The Treeman of Roses: Chapter 1

By T.K. Wilson

Word Count: 15221

Rating: PG for depictions of PTSD panic attacks and violence

Summary: When Lady Goewyn of House Meridian meets the long missing treeman of roses, Lord Rhodon of the Western March, her eyes are opened to a new world of danger, magic, and healing.


To my parents: they never gave up on the dream.

To my brother: for putting up with my wild ideas!

To Mirriam: who gave me courage to pursue the dream.

To C.S. Lewis, J.R.R. Tolkien, and Brian Jacques: for being my teachers.

To Stephen R. Lawhead: The knot is truly endless.

To the animators of Disney: for lending color to the dream.

Image Credit: Ian Wilson

Chapter 1: Lady Goewyn

Goewyn wandered deep into the forests of her homeland in the southwest of Avalon.  She was on a mission of exploration; living around the forest-bordered House Meridian all her life had not dampened her passion for going for rambles in the woods. Goewyn knew every inch of the forest on the eastern border of Meridian land, known as the Eastern March. But the Western March was almost unknown to her. She had never traveled beyond the gorge where the creek Solana ran; there had always been some sort of unspoken rule that you didn’t travel beyond that point.

The Western March was dark and deep, dangerous to those who didn’t know their way. Goewyn, however, knew the tricks of the forests, and kept her wits about her, her sword in hand and her harp on her shoulder. On her right ran Solana Canyon, which was little more the high banks of the creek, only about ten or twelve feet high, to her left the shadowy deciduous woods that made up the march.

The creek bed gradually lowered to a small valley, at the bottom of which stood a tall hedge of thorns. They grew almost to the tops of the trees, imposing as guards. Goewyn felt their bark, rough and weathered from age.

“How strange,” she thought. “I don’t remember anyone mentioning this.”


Goewyn found a small space in the hedge and, after sheathing her sword, crawled inside, pulling her harp in after her. As she crawled, a smooth lawn of grass opened before her eyes, and the very air was saturated with the smell of green things and flowers. Putting her head out of the tunnel she looked around and was amazed. She gasped, feasting her eyes on a vast and wonderful garden. She had never seen the like!


Goewyn walked through the garden listening in marvel to the voices of the flowers, all their languages she knew. Most beautiful of all were the roses. A thousand different kinds and colors, all breeds of the “king of the flowers” bloomed around the center of the garden. The air was heady with the scent and the sound of the drone of bees. A lane ran through garden to an empty throne made of willow branches and roses. Goewyn walked around it, examining it from all sides.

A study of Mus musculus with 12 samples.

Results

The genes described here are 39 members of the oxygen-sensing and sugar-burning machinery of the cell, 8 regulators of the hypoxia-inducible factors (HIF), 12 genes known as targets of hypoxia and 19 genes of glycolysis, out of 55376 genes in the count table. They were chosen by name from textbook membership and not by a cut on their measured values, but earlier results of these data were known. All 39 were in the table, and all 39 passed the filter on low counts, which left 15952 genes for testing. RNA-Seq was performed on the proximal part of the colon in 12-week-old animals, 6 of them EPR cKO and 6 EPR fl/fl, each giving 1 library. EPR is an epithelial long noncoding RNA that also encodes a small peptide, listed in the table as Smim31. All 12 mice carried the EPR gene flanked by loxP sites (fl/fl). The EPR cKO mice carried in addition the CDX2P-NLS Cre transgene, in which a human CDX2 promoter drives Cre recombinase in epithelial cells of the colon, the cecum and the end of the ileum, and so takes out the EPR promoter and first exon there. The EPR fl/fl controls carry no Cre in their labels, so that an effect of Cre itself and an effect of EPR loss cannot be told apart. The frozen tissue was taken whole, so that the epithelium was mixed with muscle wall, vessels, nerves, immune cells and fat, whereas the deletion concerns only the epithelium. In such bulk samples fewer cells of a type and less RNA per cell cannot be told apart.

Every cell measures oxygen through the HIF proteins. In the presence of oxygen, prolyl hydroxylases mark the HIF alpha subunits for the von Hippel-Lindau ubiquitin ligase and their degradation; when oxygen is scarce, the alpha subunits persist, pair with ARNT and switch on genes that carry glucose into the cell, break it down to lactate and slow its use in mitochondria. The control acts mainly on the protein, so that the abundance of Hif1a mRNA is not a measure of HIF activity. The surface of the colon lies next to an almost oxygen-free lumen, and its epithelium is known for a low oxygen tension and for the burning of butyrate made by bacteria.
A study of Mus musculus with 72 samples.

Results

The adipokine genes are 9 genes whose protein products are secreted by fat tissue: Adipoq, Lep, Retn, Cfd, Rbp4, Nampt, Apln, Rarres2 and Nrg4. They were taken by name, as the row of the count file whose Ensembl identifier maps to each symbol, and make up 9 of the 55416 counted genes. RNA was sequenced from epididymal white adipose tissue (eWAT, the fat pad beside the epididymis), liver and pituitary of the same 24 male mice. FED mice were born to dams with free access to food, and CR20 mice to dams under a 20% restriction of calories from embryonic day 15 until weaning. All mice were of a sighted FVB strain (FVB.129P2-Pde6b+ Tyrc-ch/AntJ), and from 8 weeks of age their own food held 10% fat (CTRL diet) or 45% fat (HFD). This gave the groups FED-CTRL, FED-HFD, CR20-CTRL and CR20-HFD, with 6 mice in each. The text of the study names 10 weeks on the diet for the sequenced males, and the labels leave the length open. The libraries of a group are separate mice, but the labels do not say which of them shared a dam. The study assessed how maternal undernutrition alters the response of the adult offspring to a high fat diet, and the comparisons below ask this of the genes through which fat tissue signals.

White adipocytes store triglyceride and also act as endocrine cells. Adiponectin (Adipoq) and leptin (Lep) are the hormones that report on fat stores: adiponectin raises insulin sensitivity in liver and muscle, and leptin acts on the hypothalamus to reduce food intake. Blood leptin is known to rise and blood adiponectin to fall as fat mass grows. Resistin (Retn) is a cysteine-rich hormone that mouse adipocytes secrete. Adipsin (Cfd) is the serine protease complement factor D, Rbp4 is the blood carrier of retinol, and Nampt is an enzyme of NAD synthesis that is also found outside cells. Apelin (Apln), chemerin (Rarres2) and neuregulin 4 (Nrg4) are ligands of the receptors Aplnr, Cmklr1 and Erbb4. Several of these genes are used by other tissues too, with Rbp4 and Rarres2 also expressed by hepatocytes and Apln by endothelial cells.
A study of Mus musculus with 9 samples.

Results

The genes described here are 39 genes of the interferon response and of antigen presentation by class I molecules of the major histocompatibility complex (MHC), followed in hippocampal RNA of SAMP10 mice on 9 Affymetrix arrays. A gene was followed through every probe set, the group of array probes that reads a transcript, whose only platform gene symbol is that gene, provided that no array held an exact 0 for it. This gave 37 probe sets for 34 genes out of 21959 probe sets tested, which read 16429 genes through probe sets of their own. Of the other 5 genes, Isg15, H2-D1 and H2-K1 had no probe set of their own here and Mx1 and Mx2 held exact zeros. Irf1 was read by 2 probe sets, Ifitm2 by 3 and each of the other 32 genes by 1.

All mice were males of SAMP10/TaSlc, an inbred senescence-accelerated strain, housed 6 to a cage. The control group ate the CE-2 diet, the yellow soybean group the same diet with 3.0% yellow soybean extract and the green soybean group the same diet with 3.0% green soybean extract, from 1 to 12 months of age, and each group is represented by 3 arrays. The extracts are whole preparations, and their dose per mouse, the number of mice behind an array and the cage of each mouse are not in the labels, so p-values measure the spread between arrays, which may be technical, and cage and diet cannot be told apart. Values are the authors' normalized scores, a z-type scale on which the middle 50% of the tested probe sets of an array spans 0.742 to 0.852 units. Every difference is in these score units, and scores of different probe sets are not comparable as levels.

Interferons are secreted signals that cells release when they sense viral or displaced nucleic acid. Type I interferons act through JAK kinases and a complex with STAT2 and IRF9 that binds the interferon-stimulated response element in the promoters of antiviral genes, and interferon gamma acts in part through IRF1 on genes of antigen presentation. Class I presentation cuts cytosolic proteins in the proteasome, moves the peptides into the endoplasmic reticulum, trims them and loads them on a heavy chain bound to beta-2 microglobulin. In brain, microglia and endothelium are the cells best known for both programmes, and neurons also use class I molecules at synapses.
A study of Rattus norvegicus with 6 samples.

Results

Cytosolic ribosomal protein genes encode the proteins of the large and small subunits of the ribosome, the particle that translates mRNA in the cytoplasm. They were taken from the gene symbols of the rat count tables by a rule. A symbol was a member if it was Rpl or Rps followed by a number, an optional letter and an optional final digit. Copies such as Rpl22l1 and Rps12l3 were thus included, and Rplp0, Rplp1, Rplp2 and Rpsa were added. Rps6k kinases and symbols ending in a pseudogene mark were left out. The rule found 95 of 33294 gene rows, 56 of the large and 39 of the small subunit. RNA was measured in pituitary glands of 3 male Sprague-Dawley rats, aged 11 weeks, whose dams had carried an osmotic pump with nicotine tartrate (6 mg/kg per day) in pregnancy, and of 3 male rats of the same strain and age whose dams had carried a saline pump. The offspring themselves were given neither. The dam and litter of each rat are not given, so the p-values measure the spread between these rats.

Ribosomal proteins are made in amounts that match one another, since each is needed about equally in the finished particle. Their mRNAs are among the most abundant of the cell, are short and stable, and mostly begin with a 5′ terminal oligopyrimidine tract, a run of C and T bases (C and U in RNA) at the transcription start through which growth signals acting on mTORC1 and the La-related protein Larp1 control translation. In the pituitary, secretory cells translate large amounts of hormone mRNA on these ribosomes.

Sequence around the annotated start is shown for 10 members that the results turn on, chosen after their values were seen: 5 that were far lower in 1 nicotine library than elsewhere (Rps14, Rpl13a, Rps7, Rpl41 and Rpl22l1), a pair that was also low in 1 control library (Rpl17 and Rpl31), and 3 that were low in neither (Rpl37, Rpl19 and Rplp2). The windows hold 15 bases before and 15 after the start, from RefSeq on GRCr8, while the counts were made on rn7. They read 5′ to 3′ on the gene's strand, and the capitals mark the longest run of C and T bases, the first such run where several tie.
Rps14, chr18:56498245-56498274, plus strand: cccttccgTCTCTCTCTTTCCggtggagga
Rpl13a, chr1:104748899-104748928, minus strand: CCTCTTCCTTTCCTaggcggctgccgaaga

“A kingdom of flowers. The caretaker of this garden is quite good at what he does.”


Goewyn noticed that the Solana ran by the rose garden, clear and inviting. Goewyn knelt by the water to get a drink, but careful to not disturb anything. What a wonderful place! Why had she never heard anything about this? Then she remembered, she had heard of such a garden before, sitting at her mother’s knee. The old song of Meridian floated through her mind, singing of a time long ago, and of a dryad of great power.


“Lord Rhodon of the Western March. The King of the Flowers. But that’s impossible!”


Goewyn rose to one knee, deciding that if this was the garden of Rhodon, it would be wise for her to leave. He might not take kindly to trespassers.


“Wait, young lady!” called a resonant voice from somewhere.


Goewyn, balanced on one knee, jumped in fright, and sat down heavily. She looked across the stream, where a stand of willows grew as the voice’s owner glided into view. He was a tall creature, taller than an elf, with green and brown skin that was the texture of bark and green eyes shot through with amber and leafy sticks instead of hair. He wore an old fashioned tunic made out of linen that was green with a red and brown border, held closed with two gold brooches at the shoulders, around his neck was a thin gold chain. He looked at her with a mixture of curiosity and caution, like someone who had been hurt before. Goewyn nodded, she knew his kind, a treeman. But what sort of tree was he?


“I apologize,” stammered Goewyn getting to her feet and curtseying. “It was just so beautiful, I had to investigate.”


“I understand, that is why I put up my fence.” said the Treeman, walking toward her and through the stream.


“Your pardon sir, I meant no harm.”


“I have been watching you, you came only to look, not to touch. You showed respect for me and my flowers, though you did not know I was there. It would have been easy to pick some flowers and no one would know.”


“I wouldn’t like it if someone came into my garden and took my flowers without permission.”


“A wise answer. What is your name, elf’s child?”

“Oh, prince of the trees, I am called Lady Goewyn Nic Mannan of House Meridian.”


“Few of your kind have set eyes on me in these many long years.” said the treeman, for a moment looking far away. “I am Rhodon.”